Oxfam Novib, Greenpeace Netherlands, BankTrack and Friends of the Earth Netherlands filed a complaint against ING Bank for failing to sufficiently commit and contribute to the targets set in the international climate agreement concluded in Paris in 2015.
Although ING reports about its own, direct, greenhouse gas emissions, it does not report publically about its indirect, product emissions through companies and projects it finances worldwide cause and has not yet announced to do so in the near future. Moreover, the bank has not yet set its own targets to reduce the emission of greenhouse gasses resulting from its financial products. The complainants allege that ING thereby breaches disclosure, environment, and consumer interest provisions of the OECD Guidelines.
The NGOs hope that the NCP will encourage ING to fully comply with the OECD Guidelines and ask the bank to change its emission reduction targets for its loans and investments as well as its reporting practices in 2018 at the latest.
Relevant OECD Guidelines
- Chapter III
- Chapter III Paragraph 3
- Chapter III Paragraph 3 a
- Chapter III Paragraph 3 b
- Chapter III Paragraph 3 c
- Chapter VI
- Chapter VI Paragraph 1
- Chapter VI Paragraph 1 b
- Chapter VI Paragraph 1 c
- Chapter VI Paragraph 4
- Chapter VI Paragraph 6
- Chapter VI Paragraph 6 b
- Chapter VI Paragraph 6 c
- Chapter VI Paragraph 6 d
- Chapter VIII
- Chapter VIII Paragraph 4
The complaint was filed with the Dutch NCP on 8 May 2017. On 14 November 2017, the Dutch NCP published its initial assessment, accepting the case for further examination. ING’s response to the complaint filed is summarized within the assessment, in which ING states that they view of the complaint to be impracticable, unnecessary, and unfounded, as they believe there has been no violation of the Guidelines. While accepting the case, the NCP states that it is “conscious of the complexity of this subject, not least in respect to the methodology currently in development to calculate C02 emissions. However this should not prejudice a dialogue with respect of this notification, all the more so since ING indicates that climate change is an immense challenge for the world and one in which banks also have a role to play. The NCP therefore takes the view that consideration of this notification could contribute to the purpose and enhance the effectiveness of the Guidelines, in the sense that it can clarify issues relating to climate change in the financial sector in represent of due diligence, and more particularly in respect of this specific instance.” All parties have expressed their willingness to participate in mediation.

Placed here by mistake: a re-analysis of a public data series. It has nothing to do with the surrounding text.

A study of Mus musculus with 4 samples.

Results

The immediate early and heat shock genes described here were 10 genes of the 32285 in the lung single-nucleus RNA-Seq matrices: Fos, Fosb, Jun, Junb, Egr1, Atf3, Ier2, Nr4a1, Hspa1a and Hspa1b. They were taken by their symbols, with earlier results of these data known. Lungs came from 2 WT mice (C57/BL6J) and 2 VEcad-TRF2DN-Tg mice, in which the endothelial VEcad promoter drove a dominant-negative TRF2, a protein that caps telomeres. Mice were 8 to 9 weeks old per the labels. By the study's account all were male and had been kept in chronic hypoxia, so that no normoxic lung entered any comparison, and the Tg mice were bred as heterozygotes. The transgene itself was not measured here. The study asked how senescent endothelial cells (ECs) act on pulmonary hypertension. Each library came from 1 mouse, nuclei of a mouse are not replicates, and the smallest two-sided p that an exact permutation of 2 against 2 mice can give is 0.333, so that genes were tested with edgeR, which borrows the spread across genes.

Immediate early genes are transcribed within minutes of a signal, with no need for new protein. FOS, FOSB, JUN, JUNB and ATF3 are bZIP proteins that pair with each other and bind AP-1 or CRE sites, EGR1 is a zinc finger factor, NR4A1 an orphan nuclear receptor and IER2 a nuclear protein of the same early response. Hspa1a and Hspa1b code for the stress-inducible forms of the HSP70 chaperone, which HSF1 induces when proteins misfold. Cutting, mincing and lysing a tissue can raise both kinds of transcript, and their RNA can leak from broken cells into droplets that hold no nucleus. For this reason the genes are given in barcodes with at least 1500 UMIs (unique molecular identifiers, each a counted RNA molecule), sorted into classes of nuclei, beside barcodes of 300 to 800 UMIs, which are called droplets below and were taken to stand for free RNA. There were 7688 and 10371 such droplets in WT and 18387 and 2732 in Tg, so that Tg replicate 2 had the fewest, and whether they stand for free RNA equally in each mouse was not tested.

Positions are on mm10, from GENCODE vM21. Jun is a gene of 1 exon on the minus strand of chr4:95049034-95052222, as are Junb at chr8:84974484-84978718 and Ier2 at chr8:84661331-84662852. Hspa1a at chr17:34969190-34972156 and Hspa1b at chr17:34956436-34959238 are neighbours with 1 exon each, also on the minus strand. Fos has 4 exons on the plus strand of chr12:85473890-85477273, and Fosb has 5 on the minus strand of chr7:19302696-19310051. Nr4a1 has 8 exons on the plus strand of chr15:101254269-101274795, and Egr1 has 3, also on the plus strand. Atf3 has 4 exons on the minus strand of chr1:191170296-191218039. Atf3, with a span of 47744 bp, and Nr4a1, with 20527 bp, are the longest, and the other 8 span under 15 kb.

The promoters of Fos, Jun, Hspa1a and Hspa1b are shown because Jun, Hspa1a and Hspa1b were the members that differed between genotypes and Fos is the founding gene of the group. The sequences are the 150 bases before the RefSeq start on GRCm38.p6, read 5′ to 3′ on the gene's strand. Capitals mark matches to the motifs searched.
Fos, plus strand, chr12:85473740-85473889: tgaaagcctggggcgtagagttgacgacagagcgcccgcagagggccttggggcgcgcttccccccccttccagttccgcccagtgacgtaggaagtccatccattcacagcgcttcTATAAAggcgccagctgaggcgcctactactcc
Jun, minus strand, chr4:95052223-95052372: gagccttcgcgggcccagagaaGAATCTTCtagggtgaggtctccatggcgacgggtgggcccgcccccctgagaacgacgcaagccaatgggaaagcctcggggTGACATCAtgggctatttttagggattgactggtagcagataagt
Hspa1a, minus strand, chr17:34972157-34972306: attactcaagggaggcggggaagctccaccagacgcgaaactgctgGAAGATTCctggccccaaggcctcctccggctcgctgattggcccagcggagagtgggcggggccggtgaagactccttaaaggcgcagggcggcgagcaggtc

On 19 April 2019, the Dutch NCP issued its final statement in the case. The final statement concluded that the OECD Guidelines for Multinational Enterprises demand that ING Bank sets concrete climate goals for its financial services that are in line with the Paris Climate Agreement.
The parties reached agreement on several points:
— ING’s adoption of the Terra approach, with the underlying PACTA and PCAF methodologies, to measure, set targets, and steer the bank’s climate impact;
–ING’s commitment to reduce its thermal coal exposure to close to zero by 2025 and refrain from financing new coal-fired power plants;
–Collaboration between ING, Banktrack, Greenpeace, Milieudefensie, and Oxfam Novib to call upon the Dutch Government to request the International Energy Agency to develop as soon as possible two models that both provide a 66% chance to limit global warming to below 1.5 degrees.
Oxfam Novib expressed satisfaction “about this well-considered decision by the National Contact Point making it clear that banks – in order to adhere to the OECD Guidelines – must draw up concrete climate goals for their financial services that are in line with the Paris Climate Agreement. This means that banks in the Netherlands and abroad will have to work hard on this. It’s also very good to see that the OECD Contact Point takes a clear position on climate goals for the first time.”
In November 2020 the Dutch NCP issued an evaluation further to the final statement on the dialogue facilitated by the NCP. In the final statement, the NCP expressed confidence in the
continuation of the constructive dialogue between the parties after the closing of the procedure. The NCP is very pleased that during the evaluation process both parties expressed their
appreciation for the constructive and open conversations during the process in which ING’s commitment to steer its portfolio towards the goals of the Paris Agreement was further discussed. The complainants are positive about NCPs evaluation and welcome some steps made by ING on climate change. They nevertheless have several concerns about lack of progress and commitment by ING to lead.